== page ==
Håkan Johansson


Zweed was founded in Stockholm by designer Håkan Johansson in 2010. Håkan’s idea was to create a high-quality furniture brand that would emphasize design and functionality inspired by ideas from discussions with clients. He noticed that customers often came to him because they couldn’t find a design solution they liked, or would suit their needs. Since then Zweed design has grown from cabinets to dining tables and much more, distributed all over the world. Our range of furniture is characterized by typical Scandinavian design, close attention to details, high-quality finish and clever functionality added ever so carefully. Feedback we’ve received says that buying a piece of furniture from Zweed is often the beginning of a relationship with a new favorite. Zweed design is just as elegant in any setting as it is functional and durable for everyday use.

Design Philosophy

EVER SINCE ZWEED WAS FOUNDED we have consistently strived to create new and truly functional furniture with a unique and clear identity that reflects our background and heritage. Smart functionality has always been at the center of our work and we find influence in everyday life and in our daily encounters. That is where we find inspiration.

At Zweed we find unique solutions that not only brings new original products to the market, but also that represents what we believe Scandinavian design is much about, so by understanding our heritage, you also understand the Zweed design philosophy

DINO CHAIR design by Håkan Johansson 2010

The term “Scandinavian design” originates from a design show that traveled the US and Canada under that name from 1954 to 1957. Promoting the “Scandinavian way of living,” it exhibited various works by Nordic designers and established the meaning of the term that continues to today: beautiful, simple, clean designs, inspired by nature and the northern climate, accessible and available to all, with an emphasis on enjoying the domestic environment.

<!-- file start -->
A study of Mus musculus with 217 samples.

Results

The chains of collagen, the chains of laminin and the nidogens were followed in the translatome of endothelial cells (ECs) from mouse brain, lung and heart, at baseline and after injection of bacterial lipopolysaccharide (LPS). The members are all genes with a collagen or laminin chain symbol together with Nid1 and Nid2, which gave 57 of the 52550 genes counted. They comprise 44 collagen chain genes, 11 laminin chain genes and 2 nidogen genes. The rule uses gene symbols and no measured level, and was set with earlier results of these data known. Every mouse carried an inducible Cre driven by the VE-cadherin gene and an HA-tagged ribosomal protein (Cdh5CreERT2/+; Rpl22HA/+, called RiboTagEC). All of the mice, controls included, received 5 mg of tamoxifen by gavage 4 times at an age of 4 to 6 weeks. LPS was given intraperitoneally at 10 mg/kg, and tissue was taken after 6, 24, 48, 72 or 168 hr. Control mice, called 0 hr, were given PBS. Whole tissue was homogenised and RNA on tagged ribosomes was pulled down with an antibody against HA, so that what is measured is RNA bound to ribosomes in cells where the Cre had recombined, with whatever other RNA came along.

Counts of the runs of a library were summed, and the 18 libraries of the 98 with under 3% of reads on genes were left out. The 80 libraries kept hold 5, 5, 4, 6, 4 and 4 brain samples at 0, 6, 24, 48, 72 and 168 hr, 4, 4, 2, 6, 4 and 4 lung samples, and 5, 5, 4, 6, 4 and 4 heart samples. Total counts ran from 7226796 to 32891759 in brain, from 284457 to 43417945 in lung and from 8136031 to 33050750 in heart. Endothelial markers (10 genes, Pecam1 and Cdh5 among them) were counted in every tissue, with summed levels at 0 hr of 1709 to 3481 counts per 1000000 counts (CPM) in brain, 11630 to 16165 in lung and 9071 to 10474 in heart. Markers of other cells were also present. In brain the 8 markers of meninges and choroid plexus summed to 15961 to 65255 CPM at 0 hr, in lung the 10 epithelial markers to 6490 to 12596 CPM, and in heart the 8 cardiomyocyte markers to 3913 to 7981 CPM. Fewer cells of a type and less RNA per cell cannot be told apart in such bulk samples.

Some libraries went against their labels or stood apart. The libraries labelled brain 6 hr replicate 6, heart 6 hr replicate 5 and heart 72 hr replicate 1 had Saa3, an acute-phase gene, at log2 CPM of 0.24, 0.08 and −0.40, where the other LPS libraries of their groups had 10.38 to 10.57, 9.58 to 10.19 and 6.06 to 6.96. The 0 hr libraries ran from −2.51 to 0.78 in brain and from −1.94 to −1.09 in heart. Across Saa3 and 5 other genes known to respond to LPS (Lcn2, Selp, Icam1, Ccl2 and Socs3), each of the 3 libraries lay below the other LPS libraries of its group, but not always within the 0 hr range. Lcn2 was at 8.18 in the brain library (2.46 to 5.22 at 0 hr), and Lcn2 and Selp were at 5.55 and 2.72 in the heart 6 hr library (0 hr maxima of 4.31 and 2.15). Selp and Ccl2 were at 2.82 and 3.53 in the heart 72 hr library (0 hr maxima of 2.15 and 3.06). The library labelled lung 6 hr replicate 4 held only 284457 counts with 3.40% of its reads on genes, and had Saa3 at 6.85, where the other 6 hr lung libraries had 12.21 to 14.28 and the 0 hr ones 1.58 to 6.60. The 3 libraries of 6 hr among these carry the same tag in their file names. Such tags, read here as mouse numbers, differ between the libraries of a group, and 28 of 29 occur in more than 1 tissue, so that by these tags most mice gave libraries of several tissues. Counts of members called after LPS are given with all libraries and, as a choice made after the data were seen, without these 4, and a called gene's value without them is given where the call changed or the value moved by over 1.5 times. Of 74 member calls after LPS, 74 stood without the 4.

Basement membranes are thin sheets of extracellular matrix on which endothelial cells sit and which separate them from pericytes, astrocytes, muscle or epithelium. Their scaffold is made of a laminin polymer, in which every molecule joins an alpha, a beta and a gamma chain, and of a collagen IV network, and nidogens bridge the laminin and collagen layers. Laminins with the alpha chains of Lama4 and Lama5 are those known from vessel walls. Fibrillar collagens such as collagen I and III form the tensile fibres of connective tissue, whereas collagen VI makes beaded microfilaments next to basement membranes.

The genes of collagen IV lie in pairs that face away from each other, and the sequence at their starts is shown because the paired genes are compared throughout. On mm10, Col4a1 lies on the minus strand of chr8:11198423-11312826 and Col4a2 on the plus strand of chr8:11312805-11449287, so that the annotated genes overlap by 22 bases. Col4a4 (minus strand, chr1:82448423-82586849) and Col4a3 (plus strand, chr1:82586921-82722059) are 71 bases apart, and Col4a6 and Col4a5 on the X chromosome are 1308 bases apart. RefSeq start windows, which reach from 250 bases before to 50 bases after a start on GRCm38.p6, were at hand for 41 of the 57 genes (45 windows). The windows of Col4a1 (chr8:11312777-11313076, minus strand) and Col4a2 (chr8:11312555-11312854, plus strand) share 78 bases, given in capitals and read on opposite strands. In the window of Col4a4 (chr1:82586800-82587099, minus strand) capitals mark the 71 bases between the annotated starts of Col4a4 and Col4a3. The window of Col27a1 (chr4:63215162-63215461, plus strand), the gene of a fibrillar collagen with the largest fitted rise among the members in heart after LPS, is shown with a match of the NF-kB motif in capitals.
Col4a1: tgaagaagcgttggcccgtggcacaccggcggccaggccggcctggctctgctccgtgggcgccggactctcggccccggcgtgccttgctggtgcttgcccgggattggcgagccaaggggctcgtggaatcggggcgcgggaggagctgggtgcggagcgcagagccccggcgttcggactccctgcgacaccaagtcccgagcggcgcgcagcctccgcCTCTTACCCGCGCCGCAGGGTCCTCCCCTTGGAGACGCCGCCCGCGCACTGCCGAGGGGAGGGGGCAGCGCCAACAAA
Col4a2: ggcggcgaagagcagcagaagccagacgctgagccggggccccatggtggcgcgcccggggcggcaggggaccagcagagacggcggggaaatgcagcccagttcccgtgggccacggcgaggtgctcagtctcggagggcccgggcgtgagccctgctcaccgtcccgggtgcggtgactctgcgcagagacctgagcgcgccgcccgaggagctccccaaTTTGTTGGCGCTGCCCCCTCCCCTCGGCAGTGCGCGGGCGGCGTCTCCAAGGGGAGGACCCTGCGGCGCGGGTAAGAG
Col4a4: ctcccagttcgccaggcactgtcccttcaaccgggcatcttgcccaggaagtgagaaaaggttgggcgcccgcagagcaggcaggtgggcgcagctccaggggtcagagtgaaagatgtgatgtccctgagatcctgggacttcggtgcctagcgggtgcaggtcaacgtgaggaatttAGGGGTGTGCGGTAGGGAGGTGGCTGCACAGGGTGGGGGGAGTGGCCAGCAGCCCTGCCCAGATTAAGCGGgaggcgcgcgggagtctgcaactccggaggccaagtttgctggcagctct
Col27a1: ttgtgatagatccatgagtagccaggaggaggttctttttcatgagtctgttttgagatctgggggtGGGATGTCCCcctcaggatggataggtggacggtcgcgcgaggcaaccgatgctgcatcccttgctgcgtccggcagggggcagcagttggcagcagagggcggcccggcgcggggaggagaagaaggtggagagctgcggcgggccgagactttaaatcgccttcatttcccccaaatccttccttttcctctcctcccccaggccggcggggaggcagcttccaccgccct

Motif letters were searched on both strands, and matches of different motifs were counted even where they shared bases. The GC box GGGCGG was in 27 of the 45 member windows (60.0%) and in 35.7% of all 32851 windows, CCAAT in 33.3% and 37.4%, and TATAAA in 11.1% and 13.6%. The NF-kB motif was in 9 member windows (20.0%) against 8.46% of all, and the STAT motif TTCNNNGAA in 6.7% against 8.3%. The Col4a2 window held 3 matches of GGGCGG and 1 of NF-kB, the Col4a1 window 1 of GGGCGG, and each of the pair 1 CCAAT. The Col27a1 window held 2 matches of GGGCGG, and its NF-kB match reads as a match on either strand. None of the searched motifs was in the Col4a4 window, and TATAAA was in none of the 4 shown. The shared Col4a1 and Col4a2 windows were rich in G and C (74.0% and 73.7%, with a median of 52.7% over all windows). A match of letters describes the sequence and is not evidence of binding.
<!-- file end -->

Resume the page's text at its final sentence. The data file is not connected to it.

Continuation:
The thread running through Scandinavian design is functionalism. For hundreds of years, the need for products to just work was ingrained in the Scandinavian soul. It hadn’t been very long since this was a requirement for survival. The focus was on “need,” or function, not on decoration or beauty. In modern times functionalism has evolved into also meeting the emotional needs of people. This has given Nordic functionalism a more natural and humanistic side. But there is still more extreme approaches to functionalism, which stripps all decoration in favour of pure function.

The long winters and few hours of sunlight inspired Scandinavian designers to create bright, light, practical environments They tried to make the domestic environment as comfortable as possible with the materials at hand. These trends were picked up by neighboring countries and eventually spread all over the world. The high-quality designs live on today and are recreated continually in various fields, confirming their timelessness.